A required meeting with a school professional has been engrained into our psyche as something to not look forward to. We put very little forethought into the matter, wait till the last minute to prepare, and try to keep it as short as possible.
In college you’ll be required to have about one meeting a semester with your student advisor. If the goal here is to roll in, stay put for the 20 minute slot, be agreeable and have your advisor mark “yes” on your account so that you can sign up for the next run of classes, you’re missing the whole point of college.
College is amazing becuase of the assets available to you. Assets, assets, assets. Think about it. The library is an asset. Your industry expert professors are assets. The clubs, the party house, the amount of time you have—they’re all assets; assets that are only available so comprehensively during these four years. Your advisor, for damn sure, is an asset.
They’re an expert in the field you’re studying, they’re an expert on how those studies transition to employment, and they basically work for you. A strong relationship between you and your advisor will give you a better idea of what you want to do and how to do it. Period. It’s an asset that you can’t afford to waste.
Still, many advisors see hundreds of students like you every year, which means they’re just as likely to go through the motions than you are. Don’t let yourself become just another conveyer-belt student pushed out into the working world. Stand up and impress and engage your advisor in a way that only a young and fierce college student would know how.
1. Be positive
Ever wonder why we love to daydream but hate to talk about our future? It’s because when we have to talk about accomplishing our goals we realize how far we are from actually doing so. But you know what? That’s why college takes four years. Instead of worrying about your future, look at this as a fun opportunity to daydream about what's possible. If you aren’t exactly sure of what you might want to do after college, which most of us don't, then simply say “this major interests me, I don’t know what I want to do exactly, but I want to be excited about it.”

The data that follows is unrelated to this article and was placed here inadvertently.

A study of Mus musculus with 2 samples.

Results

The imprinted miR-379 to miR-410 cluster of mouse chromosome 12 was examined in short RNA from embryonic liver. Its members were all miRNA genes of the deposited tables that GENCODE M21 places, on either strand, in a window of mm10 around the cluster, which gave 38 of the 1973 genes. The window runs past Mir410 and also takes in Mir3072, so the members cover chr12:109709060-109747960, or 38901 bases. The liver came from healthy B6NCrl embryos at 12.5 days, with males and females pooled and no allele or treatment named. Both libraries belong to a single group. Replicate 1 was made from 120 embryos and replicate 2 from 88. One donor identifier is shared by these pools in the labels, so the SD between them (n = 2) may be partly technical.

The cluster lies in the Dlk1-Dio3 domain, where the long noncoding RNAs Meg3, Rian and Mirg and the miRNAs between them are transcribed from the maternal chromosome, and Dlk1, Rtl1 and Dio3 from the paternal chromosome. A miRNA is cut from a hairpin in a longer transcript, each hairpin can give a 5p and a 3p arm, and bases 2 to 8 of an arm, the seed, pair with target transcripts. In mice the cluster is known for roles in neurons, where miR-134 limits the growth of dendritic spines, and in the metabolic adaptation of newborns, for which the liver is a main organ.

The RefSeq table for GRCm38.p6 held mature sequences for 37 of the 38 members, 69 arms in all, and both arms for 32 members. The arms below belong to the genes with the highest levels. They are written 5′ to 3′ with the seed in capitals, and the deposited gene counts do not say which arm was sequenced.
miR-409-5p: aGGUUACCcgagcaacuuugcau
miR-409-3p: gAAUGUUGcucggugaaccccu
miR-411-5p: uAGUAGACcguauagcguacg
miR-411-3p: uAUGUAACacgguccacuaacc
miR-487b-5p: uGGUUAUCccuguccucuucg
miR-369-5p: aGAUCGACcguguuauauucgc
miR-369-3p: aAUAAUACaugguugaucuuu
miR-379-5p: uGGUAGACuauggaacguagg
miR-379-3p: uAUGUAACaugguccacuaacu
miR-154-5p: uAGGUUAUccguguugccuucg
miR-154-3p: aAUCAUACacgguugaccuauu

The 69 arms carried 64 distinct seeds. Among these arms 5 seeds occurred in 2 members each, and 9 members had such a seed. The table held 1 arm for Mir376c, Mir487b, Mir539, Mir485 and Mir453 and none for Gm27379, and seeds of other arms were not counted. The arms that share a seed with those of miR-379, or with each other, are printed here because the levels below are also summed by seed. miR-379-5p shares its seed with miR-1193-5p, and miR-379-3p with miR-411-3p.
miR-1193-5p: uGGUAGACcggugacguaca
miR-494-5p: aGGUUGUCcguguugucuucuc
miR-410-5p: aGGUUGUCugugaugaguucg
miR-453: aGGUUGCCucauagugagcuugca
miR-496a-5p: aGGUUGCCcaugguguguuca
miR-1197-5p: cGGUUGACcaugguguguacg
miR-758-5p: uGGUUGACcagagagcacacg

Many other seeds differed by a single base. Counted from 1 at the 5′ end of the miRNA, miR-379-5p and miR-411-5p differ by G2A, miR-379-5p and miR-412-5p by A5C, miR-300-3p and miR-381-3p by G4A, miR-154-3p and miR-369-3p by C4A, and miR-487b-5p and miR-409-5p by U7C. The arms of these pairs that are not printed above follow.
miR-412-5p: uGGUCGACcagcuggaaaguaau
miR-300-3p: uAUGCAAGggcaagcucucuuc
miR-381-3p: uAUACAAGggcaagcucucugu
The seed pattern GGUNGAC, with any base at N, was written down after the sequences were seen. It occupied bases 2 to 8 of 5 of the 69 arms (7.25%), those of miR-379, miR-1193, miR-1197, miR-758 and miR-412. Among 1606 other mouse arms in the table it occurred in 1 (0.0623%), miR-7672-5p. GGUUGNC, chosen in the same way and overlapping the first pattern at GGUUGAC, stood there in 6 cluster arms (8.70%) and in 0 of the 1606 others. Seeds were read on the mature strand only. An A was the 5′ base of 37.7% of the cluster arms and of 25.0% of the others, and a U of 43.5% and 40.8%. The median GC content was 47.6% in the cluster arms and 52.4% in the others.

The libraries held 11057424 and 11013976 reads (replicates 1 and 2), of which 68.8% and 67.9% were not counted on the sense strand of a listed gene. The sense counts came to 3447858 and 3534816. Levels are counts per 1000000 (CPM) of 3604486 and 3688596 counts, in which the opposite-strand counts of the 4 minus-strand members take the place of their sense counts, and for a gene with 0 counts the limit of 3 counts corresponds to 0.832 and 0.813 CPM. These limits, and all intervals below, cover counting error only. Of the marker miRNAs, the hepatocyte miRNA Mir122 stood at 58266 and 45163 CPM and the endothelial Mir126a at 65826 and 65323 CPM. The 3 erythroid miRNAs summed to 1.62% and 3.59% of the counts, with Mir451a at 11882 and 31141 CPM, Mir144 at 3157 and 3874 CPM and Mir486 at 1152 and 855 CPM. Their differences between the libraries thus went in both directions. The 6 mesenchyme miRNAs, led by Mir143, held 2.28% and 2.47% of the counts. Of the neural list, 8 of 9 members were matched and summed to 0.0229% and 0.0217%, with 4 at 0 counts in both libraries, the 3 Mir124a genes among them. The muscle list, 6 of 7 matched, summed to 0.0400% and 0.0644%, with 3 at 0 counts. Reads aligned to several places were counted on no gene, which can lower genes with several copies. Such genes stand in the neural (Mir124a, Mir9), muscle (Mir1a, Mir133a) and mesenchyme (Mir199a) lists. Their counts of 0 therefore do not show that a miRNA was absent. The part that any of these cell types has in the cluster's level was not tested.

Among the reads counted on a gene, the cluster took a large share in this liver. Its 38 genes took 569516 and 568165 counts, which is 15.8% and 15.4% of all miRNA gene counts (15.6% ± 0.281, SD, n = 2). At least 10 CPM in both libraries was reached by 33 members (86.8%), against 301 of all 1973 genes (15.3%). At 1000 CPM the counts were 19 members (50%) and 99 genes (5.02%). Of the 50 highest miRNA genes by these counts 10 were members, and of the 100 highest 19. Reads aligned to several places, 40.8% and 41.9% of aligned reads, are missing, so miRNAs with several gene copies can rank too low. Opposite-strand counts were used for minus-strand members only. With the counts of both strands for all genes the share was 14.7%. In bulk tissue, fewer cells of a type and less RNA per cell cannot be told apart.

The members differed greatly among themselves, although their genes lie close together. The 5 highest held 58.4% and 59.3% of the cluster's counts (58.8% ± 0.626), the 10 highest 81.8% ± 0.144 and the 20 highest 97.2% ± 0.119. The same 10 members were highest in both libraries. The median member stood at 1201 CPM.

2. Create a list of job titles within the industry and get them confirmed
It’s amazing how so many students wait to complete their degree, buy their cap and gown, walk, and then start looking at what type of jobs exist in the industry they just spent 4 year preparing themselves for. If you’re interested in a particular field of study, then don’t wait. The easiest way to do this is to find a bunch of companies that employ people in your field, and take note of what entry level jobs they offer. Once you know the specific titles, work with your advisor to build the skills they require.
3. Come in with a question to have answered
One way to make sure you’re getting the most out of your advisor is to always go in with a question you want answered. It could be as generic as what cities is this field of study most prominent in, or as specific as what minor do you think would best supplement this major?
4. Leave with something to think about
Likewise, you should always leave with something to think about or learn. Easiest way to keep yourself informed is to follow publications or companies on social media. If youre into business marketing, read Inc, if you’re into environmental protection, read the Greenpeace blog, if you’re into game design…do more then just play games. This extra knowledge will impress your advisor and enhance the conversations you'll have with them.
5. Don’t complain
Advisors will often ask you how your classes or going, which is your time to be honest. But instead of saying you hate this class or that teacher because it’s wack, just say you find it less interesting or that you’re not quite engaged in it. This will help them identify your strong suits and dislikes, not your lazy, pessimistic tendencies.
6. Set up more meetings than what’s required
One meeting a semester is nothing. They won’t remember you, and you won’t learn anything. You need to go above and beyond and set up extra meetings with your advisor, and not just when you have a midnight “I think I’m going to fail this class” crisis. Like I said before, make this a fun experience. Set up a meeting to ask more questions about to get where you want to go.
If you’ve reached the end of this blog and have wondered, “what if I don’t like my advisor?” then you’re a sensible person. You may not, and they may not be as keen to help you as they should be. Still, it’s their job to, and if you can manage to play to their ego and treat them like an expert that you rely on for invaluable knowledge, then your relationship should turn out pretty well. They’re there to help you, so please, please use them.